When under the gun, employees often face pressure to perform quickly and efficiently, but that isn’t always how it goes. Let’s turn to the USA Today article Asiana to sue S.F. TV Station over bogus pilot names as an example. Following the tragic crash of Asiana Flight 214, KTVU News-station reported the names of the pilots on board. Unfortunately, the names they reported were incorrect, racially offensive and had carelessly pulled from the internet by an intern. Clearly, the fact-checking system broke down, and the intern has now been fired. The company is now not only facing a loss of credibility, but also loss of lots of Dinero.
But fact checking goes beyond the role of a reporter. Fact checking is a common denominator among all organizational roles; it just looks different from position to position. The Graphic Designer is held accountable for being sure appropriated images aren’t under copyright. Accountants must stay up to date on practices. Imagine the consequences, if as a leader or manager, you altered an employee’s performance review based on a friend’s account of that employee at the gym, rather than researching to verify the facts. Each role relies on the other to strengthen and represent their part of the corporate puzzle. But why is it that often times fact checking goes awry?
Why might you be tempted to take shortcuts?
Are you an Overwhelmed Employee?
Be it a new and inexperienced individual who’s struggling to take on a new position, or the experienced veteran under pressure to be a top performer, all professionals balance heavy plates. When not provided with leadership guidance or training options, you can become overwhelmed and stressed. Without the tools to balance it all, you may be half performing. None of us are strangers to stress, however sometimes individual’s needs differ and based on their individual circumstances and demands, they may need help finding balance.
Is Social Influence a factor?
As discussed in articles such as Today’s Workforce– Pressed and Stressed, job duties have increased for everyone as a result of economical changes. Struggling employees sometimes see their co-workers managing it all. But this is only the picture from the outside. In organizations that are especially designed to be competitive, and passive-aggressive, employees don’t find it helpful to discuss their effective habits. Professionals who are more transparent, and may be new to the culture can easily be tempted to cut corners in order to keep up with the pack. And in the process, it seems, every week, they fall farther behind while their peers excel.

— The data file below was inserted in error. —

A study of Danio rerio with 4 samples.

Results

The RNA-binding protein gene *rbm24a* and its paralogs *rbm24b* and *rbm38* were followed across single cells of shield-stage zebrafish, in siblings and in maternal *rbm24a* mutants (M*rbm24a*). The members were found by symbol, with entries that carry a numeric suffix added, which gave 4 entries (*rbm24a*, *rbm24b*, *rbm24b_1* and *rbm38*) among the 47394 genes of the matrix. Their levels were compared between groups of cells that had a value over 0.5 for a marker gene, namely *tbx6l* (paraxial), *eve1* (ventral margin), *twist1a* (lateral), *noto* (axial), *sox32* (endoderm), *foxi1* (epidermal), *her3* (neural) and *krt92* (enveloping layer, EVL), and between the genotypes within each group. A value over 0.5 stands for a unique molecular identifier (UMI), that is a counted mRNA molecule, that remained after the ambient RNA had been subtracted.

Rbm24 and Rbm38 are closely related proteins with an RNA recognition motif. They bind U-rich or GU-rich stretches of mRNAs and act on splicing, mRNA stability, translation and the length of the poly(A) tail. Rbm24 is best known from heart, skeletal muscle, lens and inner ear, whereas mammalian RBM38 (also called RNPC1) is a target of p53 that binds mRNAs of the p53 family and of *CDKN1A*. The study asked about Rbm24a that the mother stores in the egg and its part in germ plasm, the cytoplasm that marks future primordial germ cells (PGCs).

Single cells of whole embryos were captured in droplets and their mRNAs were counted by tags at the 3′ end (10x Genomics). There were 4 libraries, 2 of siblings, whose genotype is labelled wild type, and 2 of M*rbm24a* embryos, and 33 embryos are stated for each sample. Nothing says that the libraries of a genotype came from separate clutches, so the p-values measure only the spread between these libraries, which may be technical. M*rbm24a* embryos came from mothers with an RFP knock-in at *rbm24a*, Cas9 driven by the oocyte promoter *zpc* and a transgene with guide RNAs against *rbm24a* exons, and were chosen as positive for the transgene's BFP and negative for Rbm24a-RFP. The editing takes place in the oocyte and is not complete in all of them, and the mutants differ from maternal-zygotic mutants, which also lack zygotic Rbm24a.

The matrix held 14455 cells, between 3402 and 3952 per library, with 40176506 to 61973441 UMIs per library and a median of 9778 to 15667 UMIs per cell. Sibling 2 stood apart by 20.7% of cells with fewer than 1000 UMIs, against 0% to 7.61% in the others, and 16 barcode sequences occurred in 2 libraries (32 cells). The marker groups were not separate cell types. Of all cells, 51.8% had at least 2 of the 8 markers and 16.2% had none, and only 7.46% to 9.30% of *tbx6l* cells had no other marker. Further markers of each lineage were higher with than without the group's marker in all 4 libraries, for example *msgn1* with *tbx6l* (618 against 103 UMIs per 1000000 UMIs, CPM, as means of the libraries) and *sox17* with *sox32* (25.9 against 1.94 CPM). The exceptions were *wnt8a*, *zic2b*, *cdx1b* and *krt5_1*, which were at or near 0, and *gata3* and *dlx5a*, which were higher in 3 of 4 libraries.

Lack of Motivation holding you back?
Unfortunately, handling professional lives can be tough at times. Various factors can negatively impact motivation such as low self-esteem, poor work life balance, dysfunctional teams, poor leadership and more. Another highly impactful motivational element is Exchange Ideology. In 1998, Robert Eisenberger wrote in the Journal of Applied Psychology that Exchange Ideology refers to an employees’ belief that it is appropriate to base their work effort on how favorably they have been treated by their organizations. In essence, if you aren’t treated with the Golden Rule standard, you are likelier to take detrimental shortcuts because you don’t care about the company.
Like the intern who pulled the bogus names, we are all responsible for fact-checking, regardless of obstacles which hold us back. The key in progress is to evaluate which of the above factors is causing us to take potentially harmful shortcuts and fix the issue. Or it may be you know a co-worker struggling with this pitfall who needs to evaluate their situation. The great news is that whatever is holding a fact-checker back, clarity can get to the root of the problem.